Published Feb 19, 2021

The old maxim ‘you don’t know what you’ve got until it’s gone’ certainly applies to health. It’s a pretty precious resource but it’s all too easy to take your health for granted until illness unexpectedly arrives and suddenly, you’re not healthy anymore.

 

But how much do you really know about staying healthy? In this simple health quiz we bust a few popular myths. Learn what really makes a difference – and what doesn’t. Try your hand at the questions first and then read for the answers.

 

Question 1:

Are food allergies the same as food intolerances?

 

Question 2:

What is the best way to lose weight: diet or exercise?

 

Question 3:

How much water do you need to drink a day?

 

Question 4:

Will detox diets help you lose weight?

 

Question 5:

How do you keep your immune system in shape?

 

Answers below!

 

1/ No. Both involve reactions to foods and other substances but allergies and intolerance are two separate phenomena. Allergies are typically sudden and almost always involve the immune system – common symptoms like swelling, skin rashes and nausea are exaggerated versions of natural reactions to pathogens, generated by a confused immune system that has mistaken a harmless food for a dangerous invader. Allergies normally require medical intervention.

Food intolerance, by contrast, is an adverse reaction to food that does not involve the immune system. Symptoms like bloating, gas, indigestion and heartburn indicate that your body is struggling to digest something you’ve eaten – but it is not always obvious which because these reactions may not occur until some time afterwards.

 

2/ Diet. Exercise is an important element of health: our bodies evolved to move, and vigorous activity tones our muscles, keeps our joints limber and helps ward off serious illness like heart disease. But it’s not a good way to lose weight because the ratio of exercise minutes to calories burned is an unforgiving one. It would take 22 minutes of running to burn off a single chocolate bar. Few of us have the time or inclination for hours of running and gym workouts every single day. In the long term eating sensibly is a much more manageable and sustainable approach.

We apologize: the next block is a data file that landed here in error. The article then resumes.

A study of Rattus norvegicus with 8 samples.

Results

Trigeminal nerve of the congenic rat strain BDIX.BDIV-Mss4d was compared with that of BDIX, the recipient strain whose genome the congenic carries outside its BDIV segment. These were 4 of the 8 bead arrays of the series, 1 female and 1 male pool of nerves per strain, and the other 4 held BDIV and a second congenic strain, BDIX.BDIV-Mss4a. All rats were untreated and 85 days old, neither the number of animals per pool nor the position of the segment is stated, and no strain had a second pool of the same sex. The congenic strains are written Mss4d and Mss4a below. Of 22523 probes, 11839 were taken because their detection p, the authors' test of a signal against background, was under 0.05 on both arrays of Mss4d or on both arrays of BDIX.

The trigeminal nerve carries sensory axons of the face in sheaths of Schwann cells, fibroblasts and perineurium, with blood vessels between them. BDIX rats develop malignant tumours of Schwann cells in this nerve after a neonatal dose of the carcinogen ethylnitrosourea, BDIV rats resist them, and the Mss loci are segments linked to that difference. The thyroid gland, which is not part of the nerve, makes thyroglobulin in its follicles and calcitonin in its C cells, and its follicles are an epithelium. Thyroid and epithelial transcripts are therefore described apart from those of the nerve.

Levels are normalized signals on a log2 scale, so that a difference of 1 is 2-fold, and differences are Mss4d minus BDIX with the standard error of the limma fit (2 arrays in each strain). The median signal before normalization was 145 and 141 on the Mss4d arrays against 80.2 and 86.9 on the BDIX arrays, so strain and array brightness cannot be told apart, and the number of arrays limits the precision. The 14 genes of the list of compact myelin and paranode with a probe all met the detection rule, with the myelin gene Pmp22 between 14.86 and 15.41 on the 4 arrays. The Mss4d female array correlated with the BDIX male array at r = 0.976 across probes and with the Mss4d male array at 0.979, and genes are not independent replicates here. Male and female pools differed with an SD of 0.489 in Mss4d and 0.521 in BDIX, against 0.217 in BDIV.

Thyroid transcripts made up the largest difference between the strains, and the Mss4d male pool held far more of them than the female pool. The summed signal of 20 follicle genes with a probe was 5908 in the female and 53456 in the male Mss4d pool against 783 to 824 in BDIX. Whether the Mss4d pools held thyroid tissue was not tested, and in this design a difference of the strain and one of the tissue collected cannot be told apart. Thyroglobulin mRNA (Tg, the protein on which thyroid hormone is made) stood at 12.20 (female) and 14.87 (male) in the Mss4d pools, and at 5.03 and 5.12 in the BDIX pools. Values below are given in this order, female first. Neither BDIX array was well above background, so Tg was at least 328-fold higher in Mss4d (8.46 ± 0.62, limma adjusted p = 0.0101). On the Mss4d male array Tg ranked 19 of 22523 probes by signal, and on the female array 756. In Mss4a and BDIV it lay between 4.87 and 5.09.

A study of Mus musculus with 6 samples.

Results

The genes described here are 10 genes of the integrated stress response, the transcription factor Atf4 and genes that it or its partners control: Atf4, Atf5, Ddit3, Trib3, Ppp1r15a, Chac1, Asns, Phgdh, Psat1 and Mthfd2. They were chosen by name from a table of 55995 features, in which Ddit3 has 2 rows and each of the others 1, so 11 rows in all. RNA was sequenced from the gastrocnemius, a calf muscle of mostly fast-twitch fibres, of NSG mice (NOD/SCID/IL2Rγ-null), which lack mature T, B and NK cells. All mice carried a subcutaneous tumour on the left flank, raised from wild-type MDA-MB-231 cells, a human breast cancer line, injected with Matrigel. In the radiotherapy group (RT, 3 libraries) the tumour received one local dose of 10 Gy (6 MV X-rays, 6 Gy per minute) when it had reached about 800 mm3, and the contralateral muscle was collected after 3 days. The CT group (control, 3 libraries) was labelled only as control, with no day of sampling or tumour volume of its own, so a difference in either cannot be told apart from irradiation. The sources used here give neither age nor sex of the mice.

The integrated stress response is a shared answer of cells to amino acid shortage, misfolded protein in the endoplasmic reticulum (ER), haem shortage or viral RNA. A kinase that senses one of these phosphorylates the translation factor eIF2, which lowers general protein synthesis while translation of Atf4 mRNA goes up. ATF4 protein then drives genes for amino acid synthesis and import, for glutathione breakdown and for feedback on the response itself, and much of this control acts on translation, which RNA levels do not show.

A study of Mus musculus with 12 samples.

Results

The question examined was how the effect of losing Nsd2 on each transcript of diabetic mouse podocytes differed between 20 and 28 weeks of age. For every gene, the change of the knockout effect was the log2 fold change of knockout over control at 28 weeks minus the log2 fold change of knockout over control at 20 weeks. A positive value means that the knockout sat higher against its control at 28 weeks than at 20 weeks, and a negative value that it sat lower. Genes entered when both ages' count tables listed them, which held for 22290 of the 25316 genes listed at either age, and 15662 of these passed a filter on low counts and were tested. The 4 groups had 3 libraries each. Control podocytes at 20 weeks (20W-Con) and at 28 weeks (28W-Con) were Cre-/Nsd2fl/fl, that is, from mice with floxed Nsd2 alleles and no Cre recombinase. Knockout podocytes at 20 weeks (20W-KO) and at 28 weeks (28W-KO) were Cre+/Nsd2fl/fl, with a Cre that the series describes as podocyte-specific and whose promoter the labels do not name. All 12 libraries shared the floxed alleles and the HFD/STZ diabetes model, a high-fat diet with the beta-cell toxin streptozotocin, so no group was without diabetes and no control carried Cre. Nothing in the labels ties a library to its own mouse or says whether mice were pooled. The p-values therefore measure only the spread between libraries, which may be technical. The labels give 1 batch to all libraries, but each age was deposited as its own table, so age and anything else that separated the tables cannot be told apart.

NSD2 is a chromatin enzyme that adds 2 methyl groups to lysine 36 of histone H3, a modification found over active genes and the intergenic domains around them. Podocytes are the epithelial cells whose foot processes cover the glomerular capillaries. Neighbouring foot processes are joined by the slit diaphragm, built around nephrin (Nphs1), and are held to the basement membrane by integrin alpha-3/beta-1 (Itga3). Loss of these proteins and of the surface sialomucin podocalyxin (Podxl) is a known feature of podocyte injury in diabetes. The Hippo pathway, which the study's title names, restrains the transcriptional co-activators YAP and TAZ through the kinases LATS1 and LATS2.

3/ Not as much as you may have heard; certainly not eight glasses a day. Just listen to your body and drink when you feel thirsty. Also bear in mind that other drinks – tea, coffee, fruit juice – will also top you up. Tea and coffee do have a mildly diuretic effect but this is not strong enough to cancel out the hydration they provide.

 

4/ Probably not. Detox diets sound like a good thing after indulging but in reality, our livers and kidneys usually don’t need the help. They work hard all year round to wash toxins from our bodies and they do a good job for the most part. An artificial restricted diet isn’t going to help much and might even cause problems like diarrhea and dehydration. Instead of faddish detox diets, help your liver and kidneys by just eating sensibly.

 

5/ There’s no great mystery to maintaining a healthy immune system: just eat healthily. Nutrition has a direct effect on your immune system, especially your susceptibility to colds and other infections. Plenty of fresh vegetables and fruit will keep your immune system ticking over nicely and a few well chosen supplements can be also very helpful.

So…how many questions did you get right?

If you are serious about staying on top of your health, why not try a DNA home testing kit? They are quick, straightforward and inexpensive. You will receive a full analysis of your genetic make-up, enabling you to explore your body’s individual responses to food and the world around you. Draw up a fully customised, personal health plan!

 


 

Written by Bev Walton

Food Writer and Nutritionist, dietician

A chef of over 35 years with experience in all types of cuisine, dietary plans, recipe development, health and nutrition. I have been writing for over 10 years for both magazines, websites and ghostwriting for ebooks, Kindle and fully published books. I have a degree in nutrition and dietetics and work with restaurants and organisations within the healthcare profession. I am also able to take high quality photographs of recipes created. No writing task is too great, and whilst I specialise in the above, I am able to write about any topic you throw at me. Member of the Guild of food writers.